EQRx, the well-funded biotechnology company that once sought to reimagine prescription drug pricing, plans to reduce its workforce by 18% in a restructuring that comes several months after it announced a U-turn in strategy.
The company’s board of directors approved the plan on Sunday, aiming to conserve cash and improve “operational efficiencies.” The job cuts will involve layoffs as well as not filling positions after staff departures, according to a company filing with the Securities and Exchange Commission. After the workforce reduction, EQRx expects to have approximately 300 employees.
“Our focus remains on being disciplined with our cash while executing on our priorities and preserving runway into 2028,” Melanie Nallicheri, EQRx’s CEO, said in a company statement Thursday.
EQRx joins a lengthening list of at least three dozen drugmakers that have trimmed staff so far this year, including other high-profile biotechs like Fate Therapeutics, Editas Medicine and Celularity. While the reasons they’ve offered are varied, drug companies continue to face a turbulent market, as well as more limited financing options than in recent years. The shake-out comes after a boom in company formation and initial public offerings in 2020 and 2021 that swelled the ranks of biotech as well as drove valuations to new heights.
In EQRx’s case, the restructuring is part of efforts to lower its operating expenses below $275 million this year, compared to the $356 million it spent in 2022. The company holds about $1.4 billion in cash, which it expects will allow it to fund operations through 2028.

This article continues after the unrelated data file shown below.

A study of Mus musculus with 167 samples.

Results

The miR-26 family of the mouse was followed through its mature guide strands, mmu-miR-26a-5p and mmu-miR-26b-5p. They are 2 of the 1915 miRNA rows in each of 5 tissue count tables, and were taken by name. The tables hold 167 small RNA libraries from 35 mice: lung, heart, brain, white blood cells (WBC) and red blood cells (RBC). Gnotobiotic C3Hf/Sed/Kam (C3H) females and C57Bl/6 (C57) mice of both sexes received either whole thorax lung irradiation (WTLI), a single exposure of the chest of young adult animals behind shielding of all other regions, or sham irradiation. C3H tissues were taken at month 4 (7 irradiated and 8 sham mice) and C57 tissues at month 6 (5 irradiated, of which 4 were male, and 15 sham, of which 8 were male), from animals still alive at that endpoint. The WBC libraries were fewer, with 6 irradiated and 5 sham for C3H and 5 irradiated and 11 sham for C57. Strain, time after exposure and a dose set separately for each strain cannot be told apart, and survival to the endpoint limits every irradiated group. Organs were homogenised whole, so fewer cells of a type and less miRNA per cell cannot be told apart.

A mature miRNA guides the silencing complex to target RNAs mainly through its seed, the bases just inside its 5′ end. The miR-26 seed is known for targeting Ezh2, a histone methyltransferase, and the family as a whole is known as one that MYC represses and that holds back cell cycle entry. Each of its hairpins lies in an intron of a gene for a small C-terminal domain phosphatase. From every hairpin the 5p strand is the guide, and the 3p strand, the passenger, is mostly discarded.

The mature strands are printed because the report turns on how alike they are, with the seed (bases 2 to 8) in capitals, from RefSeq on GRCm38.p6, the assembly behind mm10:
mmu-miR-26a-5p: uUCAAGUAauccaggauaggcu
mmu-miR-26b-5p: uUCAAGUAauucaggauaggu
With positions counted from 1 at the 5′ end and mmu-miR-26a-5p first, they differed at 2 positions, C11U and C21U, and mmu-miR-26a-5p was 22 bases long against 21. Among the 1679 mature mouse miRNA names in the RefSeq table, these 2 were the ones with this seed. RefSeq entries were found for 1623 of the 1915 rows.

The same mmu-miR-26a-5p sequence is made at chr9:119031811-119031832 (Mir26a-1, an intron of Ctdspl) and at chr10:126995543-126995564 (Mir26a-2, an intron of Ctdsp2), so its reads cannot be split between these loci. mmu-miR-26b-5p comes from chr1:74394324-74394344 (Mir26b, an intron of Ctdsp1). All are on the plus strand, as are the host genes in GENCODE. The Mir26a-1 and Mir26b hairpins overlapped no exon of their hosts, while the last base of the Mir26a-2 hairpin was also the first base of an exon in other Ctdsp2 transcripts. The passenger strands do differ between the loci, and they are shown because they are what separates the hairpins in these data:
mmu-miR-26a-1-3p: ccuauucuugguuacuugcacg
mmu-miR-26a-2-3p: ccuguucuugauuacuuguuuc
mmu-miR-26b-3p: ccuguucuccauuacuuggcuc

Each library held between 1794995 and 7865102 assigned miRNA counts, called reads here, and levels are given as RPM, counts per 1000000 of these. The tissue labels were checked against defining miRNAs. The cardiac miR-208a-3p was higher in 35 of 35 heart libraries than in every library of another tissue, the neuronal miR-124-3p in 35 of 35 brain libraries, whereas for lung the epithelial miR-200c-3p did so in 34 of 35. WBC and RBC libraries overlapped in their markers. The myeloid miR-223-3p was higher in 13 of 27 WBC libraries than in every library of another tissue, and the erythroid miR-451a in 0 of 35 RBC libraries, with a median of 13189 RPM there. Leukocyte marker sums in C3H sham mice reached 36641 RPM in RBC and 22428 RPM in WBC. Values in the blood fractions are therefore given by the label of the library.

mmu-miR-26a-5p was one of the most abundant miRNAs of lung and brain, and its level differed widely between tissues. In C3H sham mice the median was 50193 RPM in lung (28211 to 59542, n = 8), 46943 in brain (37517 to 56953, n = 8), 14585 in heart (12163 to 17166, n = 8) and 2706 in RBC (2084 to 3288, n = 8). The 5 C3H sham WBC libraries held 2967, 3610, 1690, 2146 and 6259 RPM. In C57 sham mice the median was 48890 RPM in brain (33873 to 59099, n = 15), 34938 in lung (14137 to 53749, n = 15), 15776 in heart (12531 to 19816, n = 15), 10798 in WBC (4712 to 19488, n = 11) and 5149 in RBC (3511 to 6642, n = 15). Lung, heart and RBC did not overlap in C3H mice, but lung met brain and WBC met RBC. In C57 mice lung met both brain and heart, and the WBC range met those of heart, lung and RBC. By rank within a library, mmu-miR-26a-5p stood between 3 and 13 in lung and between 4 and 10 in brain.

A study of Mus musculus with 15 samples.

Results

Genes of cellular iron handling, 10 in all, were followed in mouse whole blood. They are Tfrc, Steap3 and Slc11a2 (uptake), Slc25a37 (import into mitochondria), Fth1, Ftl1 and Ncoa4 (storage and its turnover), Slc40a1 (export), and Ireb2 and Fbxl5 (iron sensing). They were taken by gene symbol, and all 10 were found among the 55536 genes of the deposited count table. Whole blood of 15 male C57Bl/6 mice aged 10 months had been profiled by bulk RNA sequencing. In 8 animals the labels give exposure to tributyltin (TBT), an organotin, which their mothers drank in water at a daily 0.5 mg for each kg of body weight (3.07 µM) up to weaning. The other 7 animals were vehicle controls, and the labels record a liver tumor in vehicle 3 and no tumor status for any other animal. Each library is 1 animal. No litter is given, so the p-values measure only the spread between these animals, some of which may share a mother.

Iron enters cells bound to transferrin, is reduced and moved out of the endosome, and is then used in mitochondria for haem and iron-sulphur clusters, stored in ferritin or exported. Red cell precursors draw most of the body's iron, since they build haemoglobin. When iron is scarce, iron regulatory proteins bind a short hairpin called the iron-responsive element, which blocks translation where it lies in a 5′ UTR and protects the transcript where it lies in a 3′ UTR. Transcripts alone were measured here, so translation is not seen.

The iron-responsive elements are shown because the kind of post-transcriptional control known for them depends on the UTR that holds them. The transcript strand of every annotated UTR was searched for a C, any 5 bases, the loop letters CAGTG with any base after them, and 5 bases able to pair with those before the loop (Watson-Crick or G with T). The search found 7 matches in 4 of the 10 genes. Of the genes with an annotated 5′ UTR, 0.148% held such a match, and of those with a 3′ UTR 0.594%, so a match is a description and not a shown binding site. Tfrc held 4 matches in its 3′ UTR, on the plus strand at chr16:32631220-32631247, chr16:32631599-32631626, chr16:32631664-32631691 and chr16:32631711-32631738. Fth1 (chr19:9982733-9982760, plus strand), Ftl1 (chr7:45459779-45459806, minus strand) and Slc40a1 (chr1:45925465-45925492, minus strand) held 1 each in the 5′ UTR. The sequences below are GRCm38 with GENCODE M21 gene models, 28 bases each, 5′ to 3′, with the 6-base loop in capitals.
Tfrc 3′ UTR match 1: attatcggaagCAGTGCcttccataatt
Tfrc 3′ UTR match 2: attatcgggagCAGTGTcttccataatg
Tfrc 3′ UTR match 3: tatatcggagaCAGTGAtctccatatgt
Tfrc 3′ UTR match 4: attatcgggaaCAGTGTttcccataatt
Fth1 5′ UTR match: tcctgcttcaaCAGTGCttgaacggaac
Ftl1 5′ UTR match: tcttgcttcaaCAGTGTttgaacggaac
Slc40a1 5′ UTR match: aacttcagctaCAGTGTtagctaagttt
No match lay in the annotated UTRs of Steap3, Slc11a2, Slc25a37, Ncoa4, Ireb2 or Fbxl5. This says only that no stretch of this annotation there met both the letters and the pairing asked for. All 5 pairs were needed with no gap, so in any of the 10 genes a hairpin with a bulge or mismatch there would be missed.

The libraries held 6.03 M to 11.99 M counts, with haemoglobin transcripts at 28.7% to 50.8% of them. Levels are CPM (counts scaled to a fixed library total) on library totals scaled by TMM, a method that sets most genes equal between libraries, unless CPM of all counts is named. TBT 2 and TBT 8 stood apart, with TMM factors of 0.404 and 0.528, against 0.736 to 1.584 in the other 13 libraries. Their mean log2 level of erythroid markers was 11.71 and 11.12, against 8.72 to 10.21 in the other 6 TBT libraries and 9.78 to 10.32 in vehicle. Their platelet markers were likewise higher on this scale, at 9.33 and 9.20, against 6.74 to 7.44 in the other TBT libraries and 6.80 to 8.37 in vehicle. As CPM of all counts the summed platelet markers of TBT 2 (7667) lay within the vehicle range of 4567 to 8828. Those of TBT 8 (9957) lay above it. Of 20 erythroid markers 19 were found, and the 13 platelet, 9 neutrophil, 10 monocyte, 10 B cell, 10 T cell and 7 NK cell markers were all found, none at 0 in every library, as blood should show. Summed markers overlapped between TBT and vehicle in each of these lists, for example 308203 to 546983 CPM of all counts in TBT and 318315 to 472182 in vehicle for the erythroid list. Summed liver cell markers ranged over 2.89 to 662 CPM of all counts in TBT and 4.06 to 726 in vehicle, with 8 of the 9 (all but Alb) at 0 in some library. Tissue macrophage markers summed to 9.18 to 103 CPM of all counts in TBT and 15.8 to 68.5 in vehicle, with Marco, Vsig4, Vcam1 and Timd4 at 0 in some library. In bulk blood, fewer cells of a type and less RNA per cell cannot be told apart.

The length of that runway is important, as EQRx recently nixed plans to seek U.S. approval of its lead cancer drug after the Food and Drug Administration made clear that it wanted to see data from another Phase 3 trial. EQRx no longer plans to file the drug in the U.S. for lung cancer, saying in November that it sees “no commercially viable" path.
Another drug it’s developing for lung cancer could have data necessary for EQRx to seek an approval by 2027.
Originally, EQRx planned to pursue a “fast follow” strategy, licensing competitors to existing blockbuster drugs from Chinese companies and quickly securing their approval in the U.S. The company envisioned launching the drugs at “radically lower” prices in a bid to bring price competition to brand-name top-sellers.
But the FDA disrupted those plans by adopting a more critical view of drugs primarily developed and tested in China and requiring companies like EQRx to generate more data from international, or U.S.-based trials. EQRx now plans to adopt “market-based pricing” for the drug due to have data in 2027, called aumolertinib, and another named lerociclib.
EQRx shares, which traded near $10 a piece in December 2021, are now worth about $2.20 each.